The Basics of Self-Publishing

What is self-publishing and why does it matter to you?

The book publishing industry has changed dramatically over the last decade, with several self-publishing companies available to help any author succeed in publishing their book, short story, or flash fiction.

If you can write it, then there’s a self-publishing company that can help you publish it.

Self-Publishing Companies

Below are a few self-publishing companies that I’ve used to publish Harvest and Haunt and Shadowlands Poetry.

Kindle Direct Publishing




Traditional Versus Self-Publishing

The traditional publishing route of finding a literary agent and securing a book contract with a publishing house is an option, particularly if you have a timely story or niche book that fits nicely into the publisher’s future publishing plans. In contrast, self-publishing allows authors to publish on their timeline regardless of the trends.

Finding Your Niche

Self-published authors often publish in many genres, each with a specific pen name. As a self-published author myself, I can attest to how tempting it is to write in several genres instead of writing in just one. However, I also think it’s important for authors to confirm which genres they know they will be able to sustain long term.

Which genre(s) are your favorite to read?

Which genre(s) are your favorite to write?

Do you enjoy writing in those genre(s) enough to publish in then year after year?

Should you get a literary agent and try the traditional publishing route?



You can create your own audiobooks with ACX, Findaway Voices, and Draft2Digital.

I have used ACX to publish Shadowlands Poetry and had a great experience.

Print and Ebooks

All self-publishing companies focus on print and ebook publishing, but their distribution varies. For example, if you publish through Amazon’s KDP and you select KDP Unlimited, then you won’t be able to publish to other vendors. In contrast, you can have a distributor, like Draft2Digital, publish your book to as many publishing vendors as you want.


There are plenty of how-to guides and infographics from a variety of resources on the pros and cons of the different book publishing platforms. One of my favorite sources is Kindlepreneur. Another great resource is the self-published author Sara Cannon‘ YouTube channel.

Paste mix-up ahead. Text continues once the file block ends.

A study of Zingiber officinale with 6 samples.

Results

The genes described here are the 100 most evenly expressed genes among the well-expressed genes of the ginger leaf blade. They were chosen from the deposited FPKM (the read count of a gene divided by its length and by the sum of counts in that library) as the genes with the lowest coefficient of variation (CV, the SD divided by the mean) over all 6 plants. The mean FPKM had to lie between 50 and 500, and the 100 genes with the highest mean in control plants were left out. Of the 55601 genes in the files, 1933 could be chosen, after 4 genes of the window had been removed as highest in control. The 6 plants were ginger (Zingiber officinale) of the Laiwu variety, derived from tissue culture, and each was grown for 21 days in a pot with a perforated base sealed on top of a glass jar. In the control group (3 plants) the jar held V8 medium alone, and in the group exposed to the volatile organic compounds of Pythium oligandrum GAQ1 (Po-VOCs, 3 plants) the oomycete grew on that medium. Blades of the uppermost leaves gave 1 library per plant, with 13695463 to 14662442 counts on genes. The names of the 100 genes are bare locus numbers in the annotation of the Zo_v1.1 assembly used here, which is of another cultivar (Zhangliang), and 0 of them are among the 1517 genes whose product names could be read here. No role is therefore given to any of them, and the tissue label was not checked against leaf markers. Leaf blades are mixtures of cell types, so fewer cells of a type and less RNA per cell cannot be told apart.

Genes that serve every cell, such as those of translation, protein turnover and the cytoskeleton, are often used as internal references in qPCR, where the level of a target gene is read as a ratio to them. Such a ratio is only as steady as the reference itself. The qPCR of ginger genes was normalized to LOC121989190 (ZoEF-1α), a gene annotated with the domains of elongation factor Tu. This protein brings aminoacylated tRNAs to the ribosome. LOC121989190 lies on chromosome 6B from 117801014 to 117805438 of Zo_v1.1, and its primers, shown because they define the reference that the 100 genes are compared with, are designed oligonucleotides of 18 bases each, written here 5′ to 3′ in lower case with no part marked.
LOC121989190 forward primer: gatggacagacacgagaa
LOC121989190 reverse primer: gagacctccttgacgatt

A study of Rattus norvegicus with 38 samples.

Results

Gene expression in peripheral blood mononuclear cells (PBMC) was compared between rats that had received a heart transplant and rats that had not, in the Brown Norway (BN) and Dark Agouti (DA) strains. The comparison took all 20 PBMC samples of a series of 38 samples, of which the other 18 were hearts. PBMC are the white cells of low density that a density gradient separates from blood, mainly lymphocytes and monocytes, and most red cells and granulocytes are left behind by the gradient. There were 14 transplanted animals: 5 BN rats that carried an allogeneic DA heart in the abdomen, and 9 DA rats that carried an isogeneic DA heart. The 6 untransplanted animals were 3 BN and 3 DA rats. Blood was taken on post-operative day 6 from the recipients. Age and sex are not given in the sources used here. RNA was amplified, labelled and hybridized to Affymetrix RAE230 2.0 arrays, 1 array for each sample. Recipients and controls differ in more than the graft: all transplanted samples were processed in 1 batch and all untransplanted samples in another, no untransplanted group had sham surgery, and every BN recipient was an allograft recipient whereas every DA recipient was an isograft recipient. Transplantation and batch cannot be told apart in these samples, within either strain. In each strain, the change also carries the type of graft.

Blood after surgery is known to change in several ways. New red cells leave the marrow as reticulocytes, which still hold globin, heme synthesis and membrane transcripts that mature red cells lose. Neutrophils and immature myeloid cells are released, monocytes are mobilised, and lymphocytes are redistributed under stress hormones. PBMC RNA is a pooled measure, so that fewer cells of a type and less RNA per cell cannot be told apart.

Book Covers

One of the fun parts of self-publishing is learning the process and seeing your vision come to life. I create my own books covers using a variety of tools (Canva and Creative Market).

I find it easier to location the images that I want, rather than using a stock cover. In addition, you can add your personality to the cover with a variety of details until you feel like you have it perfect.


Editors and proofreaders can improve your manuscript dramatically. The Editorial Freelancers Association provides rates and several freelance companies make it easy to find an editor or proofreader (Upwork).

I highly recommend working with a book editor if you are new to self-publishing. Find a suitable editor and ask them to edit something small, like short story, rather than a novel. Establish with the editor the type of edit that you need first (development edit, line edit, copy edit, proofread, or beta reading). Then, ask the editor to provide a test edit to the first 10 to 20 pages of the story. Once you find an editor that enjoys reading your books and you appreciate their edits, then you may want to reserve time on their calendar for when you will have your novel ready.

The Basics of Self-Publishing

I hope that you enjoyed this blog post on The Basics of Self-Publishing.

Please feel free to leave a comment and tell me which company you’ve used to publish.